Pivotal springtime notes of cuckoos have inspired great composers - Roger Ratcliffe

Numbers of cuckoos have fallen by 65 per cent since the early 1980s, according to the British Trust for Ornithology. Picture: Mark Hamblin/RSPB/PA Wire.
Numbers of cuckoos have fallen by 65 per cent since the early 1980s, according to the British Trust for Ornithology. Picture: Mark Hamblin/RSPB/PA Wire.

For me, hearing the first cuckoo in springtime is one of the year’s most gladdening and pivotal moments.

This year’s early arrival was heard on the edge of the moorland at Bolton Abbey on Easter Monday, but more usually it has been in the vicinity of White Wells above Ilkley. Sadly, the wildfires there over the holiday weekend will have done serious damage to the nesting habitat of meadows pipits that would host the cuckoo’s eggs.

The double-note of the male which heralds the new season has often inspired composers. The best-known example comes at the conclusion of the second movement of Beethoven’s Pastoral Symphony and is played by two clarinets.

It also appears in one of the most popular works by the Bradford-born composer Frederick Delius, which is actually called On Hearing the First Cuckoo in Spring and has been described as using musical instruments to mimic the sound of the English landscape.

The piece was written in 1912 by which time Delius was living in France, but I wonder where he first heard cuckoos. It certainly would not have been around his home in the Great Horton Road area of Bradford, a city which then bristled with smoking mill chimneys, but it is possible - even likely - that he was introduced to the cuckoo’s call when he and his family, in common with thousands of other Bradfordians, enjoyed spring picnics on Ilkley Moor or caught a train to Bolton Abbey.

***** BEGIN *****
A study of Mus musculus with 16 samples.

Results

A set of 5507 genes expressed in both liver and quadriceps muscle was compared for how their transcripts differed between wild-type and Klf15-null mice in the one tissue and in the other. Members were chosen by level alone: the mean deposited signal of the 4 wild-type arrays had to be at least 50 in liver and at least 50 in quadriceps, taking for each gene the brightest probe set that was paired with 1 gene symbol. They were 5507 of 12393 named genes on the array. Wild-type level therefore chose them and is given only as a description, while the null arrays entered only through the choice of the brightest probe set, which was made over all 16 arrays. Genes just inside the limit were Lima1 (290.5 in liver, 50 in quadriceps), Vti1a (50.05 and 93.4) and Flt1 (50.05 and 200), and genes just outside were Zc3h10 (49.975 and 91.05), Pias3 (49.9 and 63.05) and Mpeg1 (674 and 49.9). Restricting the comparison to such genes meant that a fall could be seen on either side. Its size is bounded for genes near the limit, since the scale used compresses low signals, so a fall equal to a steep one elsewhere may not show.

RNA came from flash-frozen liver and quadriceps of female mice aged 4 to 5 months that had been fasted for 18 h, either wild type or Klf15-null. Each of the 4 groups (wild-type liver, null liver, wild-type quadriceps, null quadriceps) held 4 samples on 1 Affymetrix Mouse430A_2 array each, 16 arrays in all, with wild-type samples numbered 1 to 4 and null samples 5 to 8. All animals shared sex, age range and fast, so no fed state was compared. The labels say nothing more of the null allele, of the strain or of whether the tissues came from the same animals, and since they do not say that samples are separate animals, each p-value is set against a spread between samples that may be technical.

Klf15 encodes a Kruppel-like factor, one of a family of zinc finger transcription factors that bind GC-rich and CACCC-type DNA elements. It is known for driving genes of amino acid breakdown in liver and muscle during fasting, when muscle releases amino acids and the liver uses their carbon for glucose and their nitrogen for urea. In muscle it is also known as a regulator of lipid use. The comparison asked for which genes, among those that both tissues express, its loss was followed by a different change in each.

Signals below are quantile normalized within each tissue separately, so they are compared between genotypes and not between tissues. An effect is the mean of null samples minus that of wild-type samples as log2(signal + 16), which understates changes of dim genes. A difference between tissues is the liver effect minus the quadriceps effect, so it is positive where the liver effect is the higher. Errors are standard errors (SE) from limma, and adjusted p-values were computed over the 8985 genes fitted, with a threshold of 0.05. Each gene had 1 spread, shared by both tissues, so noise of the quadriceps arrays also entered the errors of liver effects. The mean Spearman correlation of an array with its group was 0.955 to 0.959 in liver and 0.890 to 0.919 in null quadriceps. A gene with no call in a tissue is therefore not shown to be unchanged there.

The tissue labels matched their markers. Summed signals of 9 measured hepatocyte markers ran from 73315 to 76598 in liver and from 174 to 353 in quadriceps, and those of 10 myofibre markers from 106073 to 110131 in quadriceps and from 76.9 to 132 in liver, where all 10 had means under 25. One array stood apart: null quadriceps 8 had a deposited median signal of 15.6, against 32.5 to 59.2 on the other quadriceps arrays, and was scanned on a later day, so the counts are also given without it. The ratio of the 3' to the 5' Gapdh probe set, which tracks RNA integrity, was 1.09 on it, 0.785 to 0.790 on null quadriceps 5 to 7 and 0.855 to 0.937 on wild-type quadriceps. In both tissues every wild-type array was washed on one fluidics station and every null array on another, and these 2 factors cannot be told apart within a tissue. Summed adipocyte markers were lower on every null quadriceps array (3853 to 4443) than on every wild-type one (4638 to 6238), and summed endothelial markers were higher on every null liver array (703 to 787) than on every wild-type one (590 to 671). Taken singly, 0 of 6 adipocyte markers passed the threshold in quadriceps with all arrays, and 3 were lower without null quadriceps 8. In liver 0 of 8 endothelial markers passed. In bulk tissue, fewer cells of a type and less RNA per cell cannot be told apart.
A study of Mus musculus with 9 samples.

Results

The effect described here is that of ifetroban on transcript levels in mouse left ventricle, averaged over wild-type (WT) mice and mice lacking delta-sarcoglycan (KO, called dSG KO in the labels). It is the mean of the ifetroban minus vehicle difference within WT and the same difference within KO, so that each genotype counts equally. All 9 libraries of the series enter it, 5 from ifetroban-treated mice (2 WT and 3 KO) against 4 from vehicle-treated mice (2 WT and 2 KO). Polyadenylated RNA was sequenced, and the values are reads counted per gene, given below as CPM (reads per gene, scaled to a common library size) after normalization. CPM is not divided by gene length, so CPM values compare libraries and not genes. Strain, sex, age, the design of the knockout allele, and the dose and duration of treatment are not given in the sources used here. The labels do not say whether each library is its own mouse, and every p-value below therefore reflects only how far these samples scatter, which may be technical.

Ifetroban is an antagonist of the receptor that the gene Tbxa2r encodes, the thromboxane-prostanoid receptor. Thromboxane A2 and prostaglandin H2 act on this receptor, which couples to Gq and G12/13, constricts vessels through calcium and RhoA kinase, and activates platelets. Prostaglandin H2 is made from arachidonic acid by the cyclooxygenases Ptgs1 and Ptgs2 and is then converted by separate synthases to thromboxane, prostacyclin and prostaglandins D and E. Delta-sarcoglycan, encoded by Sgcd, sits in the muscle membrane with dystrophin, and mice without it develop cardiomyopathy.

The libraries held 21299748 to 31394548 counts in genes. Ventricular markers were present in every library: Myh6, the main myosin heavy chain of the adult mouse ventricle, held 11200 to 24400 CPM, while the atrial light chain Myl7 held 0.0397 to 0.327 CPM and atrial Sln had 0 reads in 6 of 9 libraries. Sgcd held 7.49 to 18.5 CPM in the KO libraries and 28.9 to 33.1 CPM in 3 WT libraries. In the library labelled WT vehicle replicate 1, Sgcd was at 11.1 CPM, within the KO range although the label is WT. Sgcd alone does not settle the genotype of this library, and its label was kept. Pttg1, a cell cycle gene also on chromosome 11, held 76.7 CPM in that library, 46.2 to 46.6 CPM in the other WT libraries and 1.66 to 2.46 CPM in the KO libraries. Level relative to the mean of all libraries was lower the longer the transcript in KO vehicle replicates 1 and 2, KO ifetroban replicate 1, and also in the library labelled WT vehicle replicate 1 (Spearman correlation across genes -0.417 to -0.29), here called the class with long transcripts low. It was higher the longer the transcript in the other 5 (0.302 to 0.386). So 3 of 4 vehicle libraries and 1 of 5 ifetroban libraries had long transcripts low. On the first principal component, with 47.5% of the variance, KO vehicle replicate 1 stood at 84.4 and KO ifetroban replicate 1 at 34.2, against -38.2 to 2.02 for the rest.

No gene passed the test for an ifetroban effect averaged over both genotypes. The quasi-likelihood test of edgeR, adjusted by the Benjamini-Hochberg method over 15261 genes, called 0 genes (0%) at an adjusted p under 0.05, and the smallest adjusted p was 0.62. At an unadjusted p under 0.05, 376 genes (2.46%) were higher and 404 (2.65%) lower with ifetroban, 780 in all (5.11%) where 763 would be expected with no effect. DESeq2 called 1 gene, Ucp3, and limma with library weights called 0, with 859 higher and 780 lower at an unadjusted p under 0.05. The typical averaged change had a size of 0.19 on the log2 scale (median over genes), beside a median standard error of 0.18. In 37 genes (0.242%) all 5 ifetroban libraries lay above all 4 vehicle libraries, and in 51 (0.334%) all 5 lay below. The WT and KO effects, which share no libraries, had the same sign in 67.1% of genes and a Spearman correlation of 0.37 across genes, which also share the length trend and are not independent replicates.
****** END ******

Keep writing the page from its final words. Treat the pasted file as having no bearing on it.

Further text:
In Delius’s work the cuckoo call is initially played on an oboe then repeated by violins and clarinets. There is never any doubt in the listener’s mind that these represent the cuckoo because it is the best known bird song in nature, and especially familiar because it sounds like it is being uttered by a human voice.


The reasons are complex but one is that climate change has brought forward the nesting period of its host birds - principally meadow pipits, dunnocks and reed warblers - by almost a week, thus altering the delicate synchronicity on which successful breeding depends. These species have also suffered an overall population decline.

Other reasons put forward are the reduced availability of caterpillars, the main cuckoo diet, and destruction of its over-wintering habitat in Africa.

Many urban dwellers miss hearing cuckoos if the earliest they can get out to the countryside is the bank holiday weekend in late May, since the calls seem less evident by then. They usually stop calling altogether by mid June.

By then, the main evidence of the cuckoo’s presence in upland areas like Bolton Abbey is the sight of a large chick vociferously demanding food from a much smaller and extremely frantic meadow pipit.